This question is for all practicing speech-language pathologists (SLPs) out there: What did you learn in grad school? If you had to list out everything you were taught, it would most likely include anatomy, physiology, speech and language disorders, specific conditions, how to use certain assessment tools, some treatment methods, and documentation formulas.
In a nutshell, you learned how to be an SLP.
But did you ever learn how to earn as an SLP? (Or better yet…earn more?)
If you’re like me (and most SLPs), your grad school probably left that course off the curriculum. One of the quickest ways to spark greater earning potential as a clinician is to see private clients. So, let’s talk about it! In this post, we’ll explore the possibility of having a private practice as a speech-language pathologist.
Can SLPs have their own private practice?
The short answer is yes, speech-language pathologists can absolutely have their own private practice. In fact, many SLPs choose to do so because it offers the following:
Freedom: A private practice gives an SLP the autonomy to set their own schedule, choose their own clients, and create their own treatment plans. No more denied vacation requests. So long required weekends and holidays. Au revoir, skipped lunch hours!
Flexibility: Setting up a speech therapy private practice clinic means you’re not tied down to unreasonable productivity requirements, strict work hours, and forced dress codes.
Finances: Owning a private practice can provide a higher earning potential compared to working in a traditional setting. The cost of starting a private practice is surprisingly lower than most clinicians realize, and whatever initial costs an SLP does incur in the startup process can be replenished relatively quickly depending on the rates the SLP charges for various assessments and treatment programs.
Requirements and considerations for starting a private practice:
The benefits of owning a private practice are abundant! However, starting a private practice can also be challenging. SLPs who choose to go into private practice must be prepared to handle the business aspect of running a practice, including accounting, billing, documentation, and marketing. They also have to be responsible for all the expenses that come with running a business, such as HIPAA compliant documentation systems, office supplies, employee/contractor salaries, and if desired, office space.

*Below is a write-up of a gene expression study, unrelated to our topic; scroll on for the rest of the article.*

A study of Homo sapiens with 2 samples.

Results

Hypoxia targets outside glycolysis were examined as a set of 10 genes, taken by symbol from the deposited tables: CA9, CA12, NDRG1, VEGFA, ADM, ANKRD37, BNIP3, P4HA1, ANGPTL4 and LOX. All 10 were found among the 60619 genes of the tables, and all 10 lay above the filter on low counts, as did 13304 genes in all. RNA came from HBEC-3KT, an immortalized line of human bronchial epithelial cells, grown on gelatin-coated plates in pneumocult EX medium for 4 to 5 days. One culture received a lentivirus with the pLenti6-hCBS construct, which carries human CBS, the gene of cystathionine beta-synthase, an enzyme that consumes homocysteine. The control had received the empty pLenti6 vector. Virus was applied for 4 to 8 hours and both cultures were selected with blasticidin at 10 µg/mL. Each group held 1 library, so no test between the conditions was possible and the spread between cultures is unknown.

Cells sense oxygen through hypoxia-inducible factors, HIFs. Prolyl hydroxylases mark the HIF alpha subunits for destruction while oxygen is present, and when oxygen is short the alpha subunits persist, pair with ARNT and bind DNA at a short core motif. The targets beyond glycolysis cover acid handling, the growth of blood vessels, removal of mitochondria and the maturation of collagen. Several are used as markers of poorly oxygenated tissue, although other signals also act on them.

To start a private practice, an SLP must have a master’s degree in speech-language pathology and a state license. They must also pass a national examination and maintain their license by completing continuing education units. SLPs must also be familiar with the laws and regulations that govern private practices in their state. No additional business degree or certification is required!
Before starting a private practice, it’s important for SLPs to research the market and determine if there is a demand for their services in the area. They should also consider the competition and the cost of starting and maintaining a private practice. Don’t let this scare you, though!
Between the growing aging population, the frustrating reality behind staffing shortages, and the wide variety of conditions SLPs assess and treat, it’s extremely likely that your services will be in demand. In fact, according to the U.S. Bureau of Labor Statistics, it’s projected that the demand for speech-language pathologists will grow by approximately 21% between 2021 and 2023.¹
In conclusion, speech-language pathologists can have their own private practice, but it’s important to weigh the pros and cons and be prepared for the challenges that come with it. Owning a private practice can provide SLPs with autonomy and flexibility, but it also requires a great deal of responsibility and hard work. If you’re considering starting a private practice as a speech-language pathologist, it’s important to do your research and seek advice from others in the field.
Curious to see what other SLP private practice owners are doing or have done to get their business up and running? Check out my Facebook group for SLP and OT private practice beginners! As Helen Keller once said, “Alone, we can do so little; together, we can do so much.”
Remember, just because you didn’t learn it in grad school doesn’t mean it’s impossible.
U.S. Bureau of Labor Satistics. (2021). Occupational Outlook Handbook: Speech-Language Pathologists. Retrieved from https://www.bls.gov/ooh/healthcare/speech-language-pathologists.htm
Jena H. Castro-Casbon, MS, CCC-SLP, is a private-practice consultant who has helped thousands of speech-language pathologists start and grow their own private practices through her company, The Independent Clinician. She has written articles for The ASHA Leader and Presented at ASHA Connect (2017).
Jena lives in Boston, MA and is a wife and mama to two young boys.